Broward County

South Florida is the deadliest place in state for boaters

In May, a Key Largo man died when he crashed this boat into mangroves near the Jewfish Creek Bridge in Key Largo.
In May, a Key Largo man died when he crashed this boat into mangroves near the Jewfish Creek Bridge in Key Largo.

Broward and the Keys were the deadliest places in Florida to be in a boat last year.

Monroe County had five boating-related deaths in 2015, sharing the dubious honor with Broward County as the deadliest waters in the state, according to a state report.

Students at St Thomas Aquinas High School held a prayer vigil Thursday night, August 13, 2015, for classmates involved in a deadly boating accident that happened late Wednesday night in Fort Lauderdale.

Statewide, the number of 2015 boating deaths declined to 55, nearly a 25 percent drop from the 73 boating deaths in 2014. Dive or snorkel deaths do not count toward the boating statistics.

The 2015 Boating Accidents Statistical Report released by the Florida Fish and Wildlife Conservation Commission again ranked Miami-Dade first and Monroe second in the number of "reportable boating accidents" — those involving death, injury, loss of a boat or causing more than $2,000 in damage.

Miami-Dade had 96 major accidents last year, causing $3 million in damage with three deaths and 74 injuries. Monroe had 78 reportable accidents, causing the five deaths and 48 injuries. Property damage was placed at $646,842. Broward County (57 accidents, five deaths, 42 injuries) ranked third among the state's 67 counties.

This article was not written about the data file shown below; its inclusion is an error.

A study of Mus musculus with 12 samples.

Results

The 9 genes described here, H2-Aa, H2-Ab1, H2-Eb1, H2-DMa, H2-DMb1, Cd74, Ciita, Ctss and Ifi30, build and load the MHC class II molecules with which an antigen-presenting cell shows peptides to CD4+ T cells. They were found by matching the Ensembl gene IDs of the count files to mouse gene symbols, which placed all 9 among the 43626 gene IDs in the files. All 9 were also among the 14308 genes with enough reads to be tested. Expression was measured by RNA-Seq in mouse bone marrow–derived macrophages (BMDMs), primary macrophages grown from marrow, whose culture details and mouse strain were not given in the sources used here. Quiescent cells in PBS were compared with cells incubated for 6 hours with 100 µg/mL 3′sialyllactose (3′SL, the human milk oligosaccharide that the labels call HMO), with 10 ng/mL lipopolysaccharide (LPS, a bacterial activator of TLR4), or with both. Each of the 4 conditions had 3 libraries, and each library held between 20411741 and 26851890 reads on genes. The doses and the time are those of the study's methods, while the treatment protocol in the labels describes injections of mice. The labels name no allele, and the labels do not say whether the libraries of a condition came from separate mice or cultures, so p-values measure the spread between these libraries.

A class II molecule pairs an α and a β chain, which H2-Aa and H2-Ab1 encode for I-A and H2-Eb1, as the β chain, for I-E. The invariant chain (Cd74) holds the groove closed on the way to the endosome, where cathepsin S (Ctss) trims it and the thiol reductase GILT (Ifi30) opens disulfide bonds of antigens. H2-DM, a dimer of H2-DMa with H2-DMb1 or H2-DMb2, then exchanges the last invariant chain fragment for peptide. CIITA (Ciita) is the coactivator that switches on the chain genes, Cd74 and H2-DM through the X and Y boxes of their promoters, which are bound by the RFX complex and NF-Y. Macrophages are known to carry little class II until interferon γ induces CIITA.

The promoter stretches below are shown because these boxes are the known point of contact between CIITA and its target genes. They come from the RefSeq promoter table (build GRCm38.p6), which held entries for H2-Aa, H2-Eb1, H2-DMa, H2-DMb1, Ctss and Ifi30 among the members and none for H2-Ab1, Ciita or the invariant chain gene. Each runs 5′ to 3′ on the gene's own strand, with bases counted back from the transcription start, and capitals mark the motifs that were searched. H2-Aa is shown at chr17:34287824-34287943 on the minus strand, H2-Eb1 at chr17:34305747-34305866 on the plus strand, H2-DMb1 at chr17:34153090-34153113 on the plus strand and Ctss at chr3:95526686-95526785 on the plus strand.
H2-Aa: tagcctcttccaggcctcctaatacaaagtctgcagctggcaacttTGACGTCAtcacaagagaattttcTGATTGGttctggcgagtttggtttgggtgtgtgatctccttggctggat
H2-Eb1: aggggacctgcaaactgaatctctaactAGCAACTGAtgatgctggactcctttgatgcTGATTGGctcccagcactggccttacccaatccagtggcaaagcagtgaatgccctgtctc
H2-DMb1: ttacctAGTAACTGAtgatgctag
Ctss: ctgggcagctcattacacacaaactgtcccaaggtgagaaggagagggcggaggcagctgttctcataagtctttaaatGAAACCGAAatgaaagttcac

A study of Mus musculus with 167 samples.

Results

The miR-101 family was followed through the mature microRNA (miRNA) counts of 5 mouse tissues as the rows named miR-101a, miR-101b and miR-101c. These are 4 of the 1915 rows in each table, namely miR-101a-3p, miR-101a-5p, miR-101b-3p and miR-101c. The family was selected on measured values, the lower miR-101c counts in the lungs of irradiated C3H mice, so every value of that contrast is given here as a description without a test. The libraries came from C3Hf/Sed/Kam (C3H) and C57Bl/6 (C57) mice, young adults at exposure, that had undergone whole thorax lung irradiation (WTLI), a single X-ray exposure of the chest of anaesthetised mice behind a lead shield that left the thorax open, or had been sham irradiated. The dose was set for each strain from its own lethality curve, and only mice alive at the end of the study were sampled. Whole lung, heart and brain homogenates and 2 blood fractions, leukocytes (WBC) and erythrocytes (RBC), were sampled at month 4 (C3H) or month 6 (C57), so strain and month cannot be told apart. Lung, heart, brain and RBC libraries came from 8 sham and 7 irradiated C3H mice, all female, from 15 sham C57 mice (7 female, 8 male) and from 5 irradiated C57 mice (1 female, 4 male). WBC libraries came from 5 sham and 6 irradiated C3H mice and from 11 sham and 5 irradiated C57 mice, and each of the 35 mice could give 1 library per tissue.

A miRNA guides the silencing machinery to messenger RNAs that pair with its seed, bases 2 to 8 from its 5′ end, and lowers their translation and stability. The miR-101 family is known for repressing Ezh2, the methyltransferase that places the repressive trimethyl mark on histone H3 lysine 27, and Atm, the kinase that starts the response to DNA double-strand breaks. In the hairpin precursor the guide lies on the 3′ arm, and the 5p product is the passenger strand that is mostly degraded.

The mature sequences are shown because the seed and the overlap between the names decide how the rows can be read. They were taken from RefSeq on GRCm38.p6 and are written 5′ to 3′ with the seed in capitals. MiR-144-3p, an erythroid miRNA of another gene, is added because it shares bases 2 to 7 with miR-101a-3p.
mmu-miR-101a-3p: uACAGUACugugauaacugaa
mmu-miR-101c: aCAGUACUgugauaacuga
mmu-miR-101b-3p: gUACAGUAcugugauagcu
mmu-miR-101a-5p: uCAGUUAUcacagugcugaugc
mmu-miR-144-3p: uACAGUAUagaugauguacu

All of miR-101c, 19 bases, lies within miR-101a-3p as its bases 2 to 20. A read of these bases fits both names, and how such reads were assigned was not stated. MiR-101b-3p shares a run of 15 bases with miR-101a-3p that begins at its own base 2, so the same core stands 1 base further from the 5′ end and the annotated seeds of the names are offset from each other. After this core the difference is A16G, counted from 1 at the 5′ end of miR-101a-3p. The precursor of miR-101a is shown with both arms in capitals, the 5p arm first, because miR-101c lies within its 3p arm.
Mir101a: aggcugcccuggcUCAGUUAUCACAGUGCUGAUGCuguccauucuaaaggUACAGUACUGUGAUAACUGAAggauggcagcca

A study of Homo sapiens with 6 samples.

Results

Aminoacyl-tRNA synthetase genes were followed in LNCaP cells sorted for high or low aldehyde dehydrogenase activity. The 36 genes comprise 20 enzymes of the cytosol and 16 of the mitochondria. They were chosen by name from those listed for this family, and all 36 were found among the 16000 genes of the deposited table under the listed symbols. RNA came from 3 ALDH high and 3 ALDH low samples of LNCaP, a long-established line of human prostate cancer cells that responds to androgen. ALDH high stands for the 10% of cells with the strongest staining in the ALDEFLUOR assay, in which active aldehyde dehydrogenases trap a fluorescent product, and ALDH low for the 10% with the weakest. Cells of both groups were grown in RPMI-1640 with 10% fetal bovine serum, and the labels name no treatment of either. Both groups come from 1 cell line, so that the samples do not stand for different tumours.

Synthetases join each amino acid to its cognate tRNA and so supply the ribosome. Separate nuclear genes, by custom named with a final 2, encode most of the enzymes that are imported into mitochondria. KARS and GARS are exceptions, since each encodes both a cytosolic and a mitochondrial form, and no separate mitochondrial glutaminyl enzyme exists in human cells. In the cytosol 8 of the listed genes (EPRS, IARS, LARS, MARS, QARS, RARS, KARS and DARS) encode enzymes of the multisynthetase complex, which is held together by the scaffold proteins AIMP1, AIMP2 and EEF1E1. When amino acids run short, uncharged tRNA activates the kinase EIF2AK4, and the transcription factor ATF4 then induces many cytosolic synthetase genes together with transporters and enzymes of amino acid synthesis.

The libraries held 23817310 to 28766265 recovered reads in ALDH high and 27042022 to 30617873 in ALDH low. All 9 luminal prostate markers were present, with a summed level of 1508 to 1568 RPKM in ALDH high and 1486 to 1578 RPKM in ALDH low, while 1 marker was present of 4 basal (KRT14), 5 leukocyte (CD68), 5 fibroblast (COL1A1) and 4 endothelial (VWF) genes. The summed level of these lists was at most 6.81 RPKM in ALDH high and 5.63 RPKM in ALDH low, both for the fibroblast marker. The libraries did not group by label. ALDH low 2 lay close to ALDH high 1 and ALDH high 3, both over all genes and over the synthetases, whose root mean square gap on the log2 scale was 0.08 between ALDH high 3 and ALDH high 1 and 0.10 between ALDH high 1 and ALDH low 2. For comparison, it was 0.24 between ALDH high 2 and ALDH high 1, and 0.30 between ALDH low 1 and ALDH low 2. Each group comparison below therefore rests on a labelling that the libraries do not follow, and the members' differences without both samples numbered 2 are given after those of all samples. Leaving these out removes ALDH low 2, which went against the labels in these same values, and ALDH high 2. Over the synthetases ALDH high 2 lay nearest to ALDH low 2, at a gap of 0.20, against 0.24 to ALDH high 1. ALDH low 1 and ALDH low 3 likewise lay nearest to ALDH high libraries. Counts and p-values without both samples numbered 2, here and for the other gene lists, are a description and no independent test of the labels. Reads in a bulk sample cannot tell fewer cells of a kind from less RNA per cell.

"Nearly half of boating accidents in 2015 involved collisions and 34 percent of all collisions were due to inattention or the operator failing to maintain a proper look-out," according to the FWC report.

Lt. Seth Wagner of the FWC's Boating and Waterways Section said, "It is critical for operators to maintain a proper lookout and focus on what is going on around their boat at all times."

Monroe County's one personal-watercraft death of 2015 occurred in October when Key Largo liveaboard resident Stanley Konopka III, 55, crashed his 10-foot Yamaha Waverunner into an anchored boat in Tarpon Basin. Alcohol was a factor in the 1 a.m. crash, FWC investigators determined. Unlike most boating victims, Konopka was wearing a life jacket but personal watercraft are banned from running at night.

Steven D. Reynolds, 64, of Key Largo was killed, impaled by a tree branch, when his 17-foot boat crashed into mangroves near the Jewfish Creek Bridge in a 4 a.m. accident in May. A passenger was seriously injured.

Arthur Garel, 68, of Miami died in November when a 25-foot boat capsized in rough waters off the Lower Keys. A 37-year-old Summerland Key resident survived and was rescued.

Dennis Dallmeyer, 67, of Key West was counted as a boating fatality in December, nearly a year after he disappeared from his 25-foot commercial fishing boat. His empty boat, key still in the ignition, was found eight miles offshore. No trace of him was ever found.

The county's fifth boating fatality occurred in mainland Monroe County water, near the Collier County line. Details were not available at press time.

More than half of Florida's 55 boating deaths were attributed to drowning. "The message is clear: Life jackets save lives," an FWC spokesman said.

Statewide, the number of serious boating accidents increased to 737, 103 more than in 2014. Florida leads the nation with 915,713 registered boats, and estimates of more than 1 million unregistered craft (kayaks, canoes and paddleboards).